The Bellville Velodrome was a hive of activity at the weekend as more than 70 service clubs, religious organisations and schools made the One to One fair a day to remember for thousands of children and adults with intellectual disabilities.
The event, organised by the Western Cape Forum for Intellectual Disability (WCFID), brought together about 2 500 people on Sunday August 21 from all over the city.
The WCFID is a Cape Town based support network for training, resources and advocacy in the intellectual disability sector.
The Velodrome was transformed into a fun fair with music, shows, marching bands, gifts and delicious treats.
One to One, a fixture on the Cape Town calendar since 1980, was held at the Good Hope Centre in the past, but organisers had to find a new venue this year. Each year various clubs and organisations get involved by hosting stalls, running games or volunteering to be a “friend” to the intellectually disabled.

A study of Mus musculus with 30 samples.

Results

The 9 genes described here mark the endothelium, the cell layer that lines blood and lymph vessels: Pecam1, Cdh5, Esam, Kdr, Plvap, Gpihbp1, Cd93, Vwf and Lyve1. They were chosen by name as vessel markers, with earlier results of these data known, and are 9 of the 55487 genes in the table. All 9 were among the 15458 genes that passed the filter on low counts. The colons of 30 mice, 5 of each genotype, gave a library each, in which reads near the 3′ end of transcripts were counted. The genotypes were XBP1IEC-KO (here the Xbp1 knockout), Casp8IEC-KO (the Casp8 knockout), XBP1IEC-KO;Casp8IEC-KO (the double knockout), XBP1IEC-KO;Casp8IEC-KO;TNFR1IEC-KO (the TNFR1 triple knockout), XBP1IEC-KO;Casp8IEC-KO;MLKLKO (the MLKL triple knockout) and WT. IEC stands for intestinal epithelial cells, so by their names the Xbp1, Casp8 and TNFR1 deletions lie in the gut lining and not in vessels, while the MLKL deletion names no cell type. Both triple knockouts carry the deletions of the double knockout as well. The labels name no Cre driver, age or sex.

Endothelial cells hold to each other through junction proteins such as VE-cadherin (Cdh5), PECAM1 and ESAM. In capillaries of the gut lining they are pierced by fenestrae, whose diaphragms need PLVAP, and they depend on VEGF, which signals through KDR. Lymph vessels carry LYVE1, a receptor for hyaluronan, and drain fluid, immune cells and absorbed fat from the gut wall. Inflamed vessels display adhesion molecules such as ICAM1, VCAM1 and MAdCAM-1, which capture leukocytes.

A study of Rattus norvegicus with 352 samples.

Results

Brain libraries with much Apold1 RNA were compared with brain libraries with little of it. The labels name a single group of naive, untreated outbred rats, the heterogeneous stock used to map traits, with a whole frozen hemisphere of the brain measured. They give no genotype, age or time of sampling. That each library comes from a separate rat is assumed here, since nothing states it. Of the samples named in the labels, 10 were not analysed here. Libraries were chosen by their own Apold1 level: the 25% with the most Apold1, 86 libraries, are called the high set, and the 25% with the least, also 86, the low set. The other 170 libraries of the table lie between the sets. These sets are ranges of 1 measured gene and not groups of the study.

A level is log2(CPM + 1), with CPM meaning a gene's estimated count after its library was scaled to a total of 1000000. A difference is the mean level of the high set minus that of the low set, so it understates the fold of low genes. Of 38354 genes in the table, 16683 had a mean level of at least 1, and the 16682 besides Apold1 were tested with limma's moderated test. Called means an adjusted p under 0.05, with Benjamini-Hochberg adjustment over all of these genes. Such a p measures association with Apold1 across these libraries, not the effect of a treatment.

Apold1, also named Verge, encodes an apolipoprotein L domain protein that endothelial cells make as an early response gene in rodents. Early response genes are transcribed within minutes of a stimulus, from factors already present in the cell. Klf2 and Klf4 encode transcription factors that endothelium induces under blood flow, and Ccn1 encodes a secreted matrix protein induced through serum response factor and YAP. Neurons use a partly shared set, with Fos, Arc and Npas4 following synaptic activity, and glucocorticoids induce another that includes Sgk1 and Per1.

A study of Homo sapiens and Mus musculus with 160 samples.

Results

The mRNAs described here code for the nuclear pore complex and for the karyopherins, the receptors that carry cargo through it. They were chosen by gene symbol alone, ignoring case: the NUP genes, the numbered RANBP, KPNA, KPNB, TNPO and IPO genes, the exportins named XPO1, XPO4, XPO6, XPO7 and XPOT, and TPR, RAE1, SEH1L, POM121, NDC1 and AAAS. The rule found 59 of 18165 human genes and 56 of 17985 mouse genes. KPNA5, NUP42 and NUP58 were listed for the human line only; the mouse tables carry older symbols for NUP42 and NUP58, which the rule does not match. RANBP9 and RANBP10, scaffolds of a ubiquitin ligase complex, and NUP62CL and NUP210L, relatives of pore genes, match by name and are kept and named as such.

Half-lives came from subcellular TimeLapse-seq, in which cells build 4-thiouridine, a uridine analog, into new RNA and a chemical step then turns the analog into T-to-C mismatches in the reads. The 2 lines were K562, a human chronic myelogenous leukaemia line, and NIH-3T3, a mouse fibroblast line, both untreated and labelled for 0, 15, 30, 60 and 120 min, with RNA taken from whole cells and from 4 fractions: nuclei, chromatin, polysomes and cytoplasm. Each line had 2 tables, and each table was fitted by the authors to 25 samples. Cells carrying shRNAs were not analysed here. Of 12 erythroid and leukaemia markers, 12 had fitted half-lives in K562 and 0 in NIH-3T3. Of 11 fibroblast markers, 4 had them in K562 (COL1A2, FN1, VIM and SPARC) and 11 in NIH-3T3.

For Jessica Woodhall from Parklands College, this was her second year hosting a stall at the event.
“The fair is about bringing joy and giving back to people with intellectual disabilities. We try to make it as memorable as we can.” The Elkanah House Drumline brought the Velodrome to a standstill, as they moved through the stadium, with an electric performance.
Milnerton High School Interact member Lara Pinto hosted a stall for the first time.
“We take part every year but got to host this year, which is very exciting for us. It is always a great experience being at the fair and the atmosphere is like no other.”
Albert Glass of B’nai B’rith, an international Jewish organisation, has been the convener of the fair since 1981 and hopes to see the idea spread to other parts of the country.
“This is such a special day for all involved. The forum would like to thank everyone involved in this year’s One to One Day event,” said Mr Glass.